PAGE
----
I am probably not breaking news here, but I rely on C-SPAN for a lot of my access to the workings — or more often dysfunctionings — of Congress.
That means I rely on cable operators around the country who fund the channel — make that channels and website.
It is, in a word, indispensable.
It is also often taken for granted, for which C-SPAN has only itself to blame. Because it is so pervasive and so professionally run, the access it provides to our sausage-makers has come to feel like an entitlement, or at least a constitutional right.
Last week, Rep. Ami Bera (D-Calif.) introduced what he called a “simple change” to House rules that would ensure the next congressional sit-in does not have to rely on Periscope or Facebook video streams to get out.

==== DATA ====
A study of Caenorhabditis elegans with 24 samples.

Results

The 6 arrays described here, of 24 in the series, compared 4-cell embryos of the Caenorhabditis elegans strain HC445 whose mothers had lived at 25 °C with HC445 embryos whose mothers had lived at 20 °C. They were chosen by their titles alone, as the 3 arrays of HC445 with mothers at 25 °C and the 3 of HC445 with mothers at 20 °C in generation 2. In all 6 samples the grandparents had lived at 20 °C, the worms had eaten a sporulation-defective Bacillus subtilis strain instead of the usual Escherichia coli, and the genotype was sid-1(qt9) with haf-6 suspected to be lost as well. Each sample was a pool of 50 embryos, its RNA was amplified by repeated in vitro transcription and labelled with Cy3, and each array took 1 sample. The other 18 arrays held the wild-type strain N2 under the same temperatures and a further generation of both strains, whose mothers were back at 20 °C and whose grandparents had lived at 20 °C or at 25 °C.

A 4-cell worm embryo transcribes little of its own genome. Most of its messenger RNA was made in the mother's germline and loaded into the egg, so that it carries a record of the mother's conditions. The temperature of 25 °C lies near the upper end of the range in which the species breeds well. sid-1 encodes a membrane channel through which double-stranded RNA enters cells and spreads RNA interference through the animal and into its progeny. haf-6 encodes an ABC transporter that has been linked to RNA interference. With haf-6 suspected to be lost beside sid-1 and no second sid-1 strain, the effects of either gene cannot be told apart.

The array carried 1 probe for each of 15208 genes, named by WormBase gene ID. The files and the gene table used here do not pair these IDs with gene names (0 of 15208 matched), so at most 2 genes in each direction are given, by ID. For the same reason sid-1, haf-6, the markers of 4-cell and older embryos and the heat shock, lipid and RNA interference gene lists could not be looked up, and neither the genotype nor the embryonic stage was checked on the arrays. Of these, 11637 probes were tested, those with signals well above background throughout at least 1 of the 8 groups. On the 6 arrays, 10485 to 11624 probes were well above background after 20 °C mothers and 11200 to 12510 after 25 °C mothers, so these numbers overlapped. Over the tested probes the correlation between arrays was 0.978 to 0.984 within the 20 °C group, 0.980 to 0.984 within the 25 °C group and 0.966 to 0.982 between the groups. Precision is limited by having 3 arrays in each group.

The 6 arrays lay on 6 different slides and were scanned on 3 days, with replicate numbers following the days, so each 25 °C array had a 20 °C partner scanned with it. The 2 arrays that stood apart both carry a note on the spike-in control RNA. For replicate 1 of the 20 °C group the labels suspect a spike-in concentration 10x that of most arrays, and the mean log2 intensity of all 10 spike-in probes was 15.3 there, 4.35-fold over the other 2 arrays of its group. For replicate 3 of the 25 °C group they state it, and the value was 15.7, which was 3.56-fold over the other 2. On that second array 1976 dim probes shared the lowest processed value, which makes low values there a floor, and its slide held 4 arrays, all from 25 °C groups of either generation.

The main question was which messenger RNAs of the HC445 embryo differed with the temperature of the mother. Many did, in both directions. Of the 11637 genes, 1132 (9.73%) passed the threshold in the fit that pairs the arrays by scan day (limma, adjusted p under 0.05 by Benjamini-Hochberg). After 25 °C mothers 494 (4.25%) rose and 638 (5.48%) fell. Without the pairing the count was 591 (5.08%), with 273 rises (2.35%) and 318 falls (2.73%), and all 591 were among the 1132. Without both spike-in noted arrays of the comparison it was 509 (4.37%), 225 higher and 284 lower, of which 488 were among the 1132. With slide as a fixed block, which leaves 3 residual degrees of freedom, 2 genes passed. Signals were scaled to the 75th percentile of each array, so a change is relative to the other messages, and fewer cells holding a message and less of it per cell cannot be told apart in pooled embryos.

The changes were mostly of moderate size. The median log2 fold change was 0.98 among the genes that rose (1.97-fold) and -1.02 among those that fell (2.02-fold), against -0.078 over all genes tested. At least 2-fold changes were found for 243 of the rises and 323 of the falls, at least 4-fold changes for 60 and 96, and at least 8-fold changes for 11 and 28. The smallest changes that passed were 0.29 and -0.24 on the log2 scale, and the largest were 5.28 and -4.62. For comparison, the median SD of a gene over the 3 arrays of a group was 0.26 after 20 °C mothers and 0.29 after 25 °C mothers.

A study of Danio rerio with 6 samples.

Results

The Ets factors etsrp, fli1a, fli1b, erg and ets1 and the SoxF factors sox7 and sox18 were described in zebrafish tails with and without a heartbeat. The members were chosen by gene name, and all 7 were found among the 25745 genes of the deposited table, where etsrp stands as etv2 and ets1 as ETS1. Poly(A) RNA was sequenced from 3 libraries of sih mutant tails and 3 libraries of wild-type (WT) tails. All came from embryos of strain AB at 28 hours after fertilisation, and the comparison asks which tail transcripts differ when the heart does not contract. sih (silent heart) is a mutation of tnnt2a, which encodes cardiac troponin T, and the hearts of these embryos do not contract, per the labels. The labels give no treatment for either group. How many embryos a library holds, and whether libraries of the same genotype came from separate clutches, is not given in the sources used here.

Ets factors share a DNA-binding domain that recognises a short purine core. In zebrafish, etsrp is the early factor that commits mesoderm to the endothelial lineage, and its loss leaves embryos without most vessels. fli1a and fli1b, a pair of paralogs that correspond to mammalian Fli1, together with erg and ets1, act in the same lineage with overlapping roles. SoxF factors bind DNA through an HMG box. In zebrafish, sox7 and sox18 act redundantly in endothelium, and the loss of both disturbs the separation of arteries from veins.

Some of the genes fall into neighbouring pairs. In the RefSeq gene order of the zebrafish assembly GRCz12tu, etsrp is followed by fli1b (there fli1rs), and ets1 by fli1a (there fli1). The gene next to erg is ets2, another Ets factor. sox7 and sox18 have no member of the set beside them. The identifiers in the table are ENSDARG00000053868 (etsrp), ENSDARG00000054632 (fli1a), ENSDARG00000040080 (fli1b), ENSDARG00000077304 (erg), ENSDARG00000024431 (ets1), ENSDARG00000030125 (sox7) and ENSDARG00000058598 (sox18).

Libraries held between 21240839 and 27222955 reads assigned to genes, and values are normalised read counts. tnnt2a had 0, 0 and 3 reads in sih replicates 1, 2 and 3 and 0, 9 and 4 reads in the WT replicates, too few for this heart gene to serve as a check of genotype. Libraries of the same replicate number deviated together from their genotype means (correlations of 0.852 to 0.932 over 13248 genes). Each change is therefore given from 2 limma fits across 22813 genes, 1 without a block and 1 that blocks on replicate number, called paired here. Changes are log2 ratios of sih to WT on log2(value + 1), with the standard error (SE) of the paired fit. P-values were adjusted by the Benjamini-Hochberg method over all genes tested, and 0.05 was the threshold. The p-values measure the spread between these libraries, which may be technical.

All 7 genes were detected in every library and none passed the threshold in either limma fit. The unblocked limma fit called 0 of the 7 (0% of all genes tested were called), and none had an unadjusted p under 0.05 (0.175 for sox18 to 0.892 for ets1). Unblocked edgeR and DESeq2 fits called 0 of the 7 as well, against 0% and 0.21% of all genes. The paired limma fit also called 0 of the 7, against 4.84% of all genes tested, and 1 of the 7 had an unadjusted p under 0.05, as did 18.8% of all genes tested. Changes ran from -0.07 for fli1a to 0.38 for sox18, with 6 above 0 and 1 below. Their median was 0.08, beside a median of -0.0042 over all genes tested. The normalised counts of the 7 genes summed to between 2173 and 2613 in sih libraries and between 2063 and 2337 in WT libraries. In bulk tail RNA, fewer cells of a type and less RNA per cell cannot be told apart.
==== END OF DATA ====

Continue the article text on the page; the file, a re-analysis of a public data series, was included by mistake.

Actually, many were still relying on C-SPAN during the House sit-in last month, when the cameras were turned off, but social media lit up and the network was there to tap into it.
Bera said he figured most viewers assumed C-SPAN was part of the “public domain,” adding: “We ought to give control of those cameras back over to the media and the public, and have independent control.”
C-SPAN has long sought to be able to use its own cameras rather than have to take the feed from House cameras controlled by the Speaker. I agree, and this seems a good time for Congress to consider it.
Members of Congress will be going off to campaign for re-election in a week or so. When they get back, perhaps they can make that a parting gift to the nation.
But also noteworthy was Bera’s comment that most people probably thought C-SPAN was the public’s domain. Of course, that is just what it has become, thanks to the investment of the cable industry.